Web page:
Wednesday, June 18, 2014

Carve Out Time

A friend of mine mentioned an interest in writing, but he said he hadn't found the time yet.  He considered taking a week off work and just focusing on writing for that whole week.  I discouraged doing this because it didn't resolve the initial problem: finding consistent time to write.

Dedicating a week to writing instead of a full-time job would be wonderful for many of us, but if that is the only time available for writing, then that one week will not suffice.  Any project started will hang in limbo until the next vacation, and whatever flow of ideas available at that time will be lost.

To produce fiction, we must write regularly.  And by regularly, I mean as close to daily as possible.  For me, it's part of my early-morning routine.  In the past, I've used slots of time at night.  But each day, I know when writing time is scheduled.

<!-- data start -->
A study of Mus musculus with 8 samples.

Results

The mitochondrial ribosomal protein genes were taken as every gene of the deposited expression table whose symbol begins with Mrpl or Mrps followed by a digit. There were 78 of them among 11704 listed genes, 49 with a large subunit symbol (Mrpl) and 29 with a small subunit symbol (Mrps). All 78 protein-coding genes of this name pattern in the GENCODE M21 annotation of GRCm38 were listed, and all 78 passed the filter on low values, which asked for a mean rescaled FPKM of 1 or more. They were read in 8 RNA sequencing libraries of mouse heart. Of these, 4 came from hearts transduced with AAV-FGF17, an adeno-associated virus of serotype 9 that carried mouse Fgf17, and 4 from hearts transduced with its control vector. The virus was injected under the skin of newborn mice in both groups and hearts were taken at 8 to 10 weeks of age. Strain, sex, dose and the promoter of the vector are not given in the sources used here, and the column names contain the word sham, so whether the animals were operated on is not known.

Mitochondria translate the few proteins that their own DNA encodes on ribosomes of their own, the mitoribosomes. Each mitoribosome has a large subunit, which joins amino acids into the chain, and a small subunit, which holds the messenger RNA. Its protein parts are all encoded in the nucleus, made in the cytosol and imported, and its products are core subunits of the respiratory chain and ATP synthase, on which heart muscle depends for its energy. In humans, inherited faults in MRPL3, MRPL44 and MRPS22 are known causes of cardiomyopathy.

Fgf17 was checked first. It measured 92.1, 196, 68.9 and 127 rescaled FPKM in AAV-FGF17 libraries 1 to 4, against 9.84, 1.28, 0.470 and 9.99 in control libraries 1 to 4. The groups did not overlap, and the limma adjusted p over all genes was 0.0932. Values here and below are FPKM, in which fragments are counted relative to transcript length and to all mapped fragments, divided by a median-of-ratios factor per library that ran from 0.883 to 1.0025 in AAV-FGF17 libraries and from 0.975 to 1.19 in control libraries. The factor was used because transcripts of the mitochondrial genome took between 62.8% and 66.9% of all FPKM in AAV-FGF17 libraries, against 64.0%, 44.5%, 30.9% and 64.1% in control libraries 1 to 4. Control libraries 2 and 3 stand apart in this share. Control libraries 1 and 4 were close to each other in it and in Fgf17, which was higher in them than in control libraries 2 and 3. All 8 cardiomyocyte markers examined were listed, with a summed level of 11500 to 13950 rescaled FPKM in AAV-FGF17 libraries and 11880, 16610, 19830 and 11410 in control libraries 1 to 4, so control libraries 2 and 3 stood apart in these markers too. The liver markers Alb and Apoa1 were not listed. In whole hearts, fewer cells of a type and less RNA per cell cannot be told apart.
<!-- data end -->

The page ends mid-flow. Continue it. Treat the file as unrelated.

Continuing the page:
Life happens, though.  Schedules break due to the random events around us.  Depending on writing's priority in one's life, the writing schedule either gets interrupted or rises above other items.  That's up to the individual.  But if life's events are constantly getting in the way of a writing schedule, I would argue that it's not really a schedule in the first place - it's simply a wish akin to dreams of weight loss or accumulating wealth.

If you want to write, you must carve out the time.  Look at your current schedule, and push it into a slot somewhere.  But to do this, something must give.  What are you willing to trade?  Be careful in your answer, though.  If you have a family, my suggestion is to carve out time from something personal (if possible); for example, stop playing video games every night (or play them much less), and write instead.  Don't continue in personal hobbies and then tack writing on top of them unless you want to take time away from your spouse, children, or friends.

Time is finite on this world.  Use it wisely.